Meet the Men Playing “Modern Family”‘s Gay Dads

***Warning*** This article contains mild spoilers about the first episode of Modern Family.

Network television has given us gay parents before. In the third season of Will & Grace, Jack MacFarland learned he was the father of a teenager while the 2003 sitcom It’s All Relative had Christopher Sieber and John Benjamin Hickey playing the adoptive parents of a grown daughter, just to name two examples.

But when ABC debuts Modern Family on Wednesday night, it will mark the first time a network show has featured two gay men raising an infant.

While the culture wars aren’t what they used to be, the issue of gay parents is still a fairly controversial one in America. Some states currently ban adoptions by gay people while groups such as Focus on the Family and numerous Republican politicians decry the idea of any children being gay raised by gays and lesbians. And don’t even bring up the idea of discussing gay families in U.S. schools unless you’re prepared for all out war in some quarters.

While Modern Family is unlikely to address any of these issues too directly or too pointedly, simply including a gay family as series regulars is groundbreaking. AfterElton.com recently chatted with the show’s two gay dads, Jesse Tyler Ferguson and Eric Stonestreet, about their roles, whether straight actors should play gay parts and much more.

AfterElton.com: Jesse, as a gay man yourself, does playing this part have any special significance for you or is it just another role?

Jesse Tyler Ferguson: It’s definitely not just another role. I was obviously drawn to it for very personal reasons. It’s interesting because when I read the script, the first thing I was drawn to was how brilliant the pilot was. The characters were really well developed and the whole story was so well told and so well executed. It was after shooting the pilot and then hearing the media respond in such a positive way that I stepped back and said this actually is very groundbreaking.

I’m sort of seeing that now and it’s incredibly exciting. I think anytime you can portray any gay couple on television, especially in such a positive light, I think it’s a wonderful thing. Especially given the social climate were in.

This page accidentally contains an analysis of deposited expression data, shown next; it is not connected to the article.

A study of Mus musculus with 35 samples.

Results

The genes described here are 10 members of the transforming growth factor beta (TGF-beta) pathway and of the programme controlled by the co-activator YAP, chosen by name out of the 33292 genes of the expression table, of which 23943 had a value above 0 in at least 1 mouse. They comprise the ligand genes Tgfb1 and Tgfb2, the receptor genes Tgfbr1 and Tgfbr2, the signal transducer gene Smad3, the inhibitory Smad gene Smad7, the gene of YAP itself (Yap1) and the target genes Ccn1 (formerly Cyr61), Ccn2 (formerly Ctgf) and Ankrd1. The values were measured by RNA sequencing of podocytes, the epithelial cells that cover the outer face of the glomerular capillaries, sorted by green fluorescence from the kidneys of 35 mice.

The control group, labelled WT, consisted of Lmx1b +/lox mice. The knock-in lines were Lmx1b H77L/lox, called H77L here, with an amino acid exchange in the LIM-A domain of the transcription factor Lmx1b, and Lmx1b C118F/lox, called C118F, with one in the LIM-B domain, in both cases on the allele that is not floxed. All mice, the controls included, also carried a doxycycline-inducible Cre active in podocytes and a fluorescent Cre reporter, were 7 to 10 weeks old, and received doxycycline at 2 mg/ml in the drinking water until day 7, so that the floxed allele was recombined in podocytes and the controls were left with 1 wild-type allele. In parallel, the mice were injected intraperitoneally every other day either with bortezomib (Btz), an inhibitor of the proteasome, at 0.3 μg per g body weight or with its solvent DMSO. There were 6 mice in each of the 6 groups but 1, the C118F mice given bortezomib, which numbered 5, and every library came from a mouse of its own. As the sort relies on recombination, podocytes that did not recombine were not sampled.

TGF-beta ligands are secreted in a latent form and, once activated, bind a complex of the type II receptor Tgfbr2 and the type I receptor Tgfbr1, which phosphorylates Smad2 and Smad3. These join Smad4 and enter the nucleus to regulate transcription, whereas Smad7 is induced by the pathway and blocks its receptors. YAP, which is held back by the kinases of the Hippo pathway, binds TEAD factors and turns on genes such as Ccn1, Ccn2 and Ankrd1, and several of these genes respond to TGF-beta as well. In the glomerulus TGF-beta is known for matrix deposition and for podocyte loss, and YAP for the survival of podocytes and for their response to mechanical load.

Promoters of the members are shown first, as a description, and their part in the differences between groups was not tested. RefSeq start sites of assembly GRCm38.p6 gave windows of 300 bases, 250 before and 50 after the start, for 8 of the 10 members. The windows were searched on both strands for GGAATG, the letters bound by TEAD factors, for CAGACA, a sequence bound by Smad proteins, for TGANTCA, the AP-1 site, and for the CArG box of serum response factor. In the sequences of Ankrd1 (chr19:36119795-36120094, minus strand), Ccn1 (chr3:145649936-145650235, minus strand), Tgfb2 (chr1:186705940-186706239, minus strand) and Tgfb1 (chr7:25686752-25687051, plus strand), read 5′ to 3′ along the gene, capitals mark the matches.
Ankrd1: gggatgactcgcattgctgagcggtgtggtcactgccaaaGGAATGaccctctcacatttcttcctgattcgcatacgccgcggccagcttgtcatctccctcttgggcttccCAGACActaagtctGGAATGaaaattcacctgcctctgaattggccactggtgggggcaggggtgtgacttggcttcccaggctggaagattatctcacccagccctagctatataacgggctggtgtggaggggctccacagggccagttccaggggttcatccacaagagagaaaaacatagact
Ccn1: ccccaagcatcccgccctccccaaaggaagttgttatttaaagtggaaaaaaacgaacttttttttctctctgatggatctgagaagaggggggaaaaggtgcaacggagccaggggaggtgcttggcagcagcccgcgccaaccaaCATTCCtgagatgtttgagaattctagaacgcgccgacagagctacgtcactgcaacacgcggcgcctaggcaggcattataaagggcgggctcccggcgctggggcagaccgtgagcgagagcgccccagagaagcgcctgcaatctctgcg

AE: Instead of asking the obvious question where Jesse tells me about his character and Eric tells me about his, I want each of you to tell me about the other’s characters.
JTF
: Oh. Okay. You go first.

Eric Stonestreet: Don’t boss me around!

JTF: Okay. I’ll go first.

Both: There it is! [laughs]

JTF: Cameron is very effusive. He kind of wears his heart on his sleeve. He is very exuberant. And he’s very enthusiastic. He’s excited that we’ve brought this new life into the world, and he’s excited about being a dad. He wants to go big or not go at all.

ES: I would say Mitchell is the more reserved of the two of us. He’s more what some people would say is the responsible one, the disciplinarian, potentially, in the house. He’s the breadwinner, though I think Cameron has an interesting job before we pick up with these two.

Mitchell isn’t embarrassed that we’re a gay couple, but he doesn’t want to give people immediate ammunition of what a gay couple would be. Whereas Cameron would think, we are who we are, let’s take away the argument or whatever someone might say by being 100% who we are and dealing with society that way. Where Mitchell would say, "Let’s not draw attention to ourselves and do our own thing privately."

AE: What kind of parents are you each going to be? I know it’s early on…

JTF
: I think what’s so interesting right now is just playing new parents, two nervous dads, and in a society where there are not a lot of gay couples raising kids. We’re definitely in a minority. My character is certainly nervous about his ability to be a dad, he’s questioning. Cameron’s more supportive and encouraging. We’re learning this together, and bringing different elements of being a dad together, and creating a great environment for this kid.

ES: I think what we bring to it is what any mother and father would bring to it: pure terror at first, like "Oh my God, what do we do when this happens?" Then on top of it, we bring in some of the characters’ stuff, which is "What do we do when this happens and how do we deal with the fact that we’re two dads." It’s a complex parenting skill because we don’t know if this has ever been done for this duration on television where two guys have had a baby.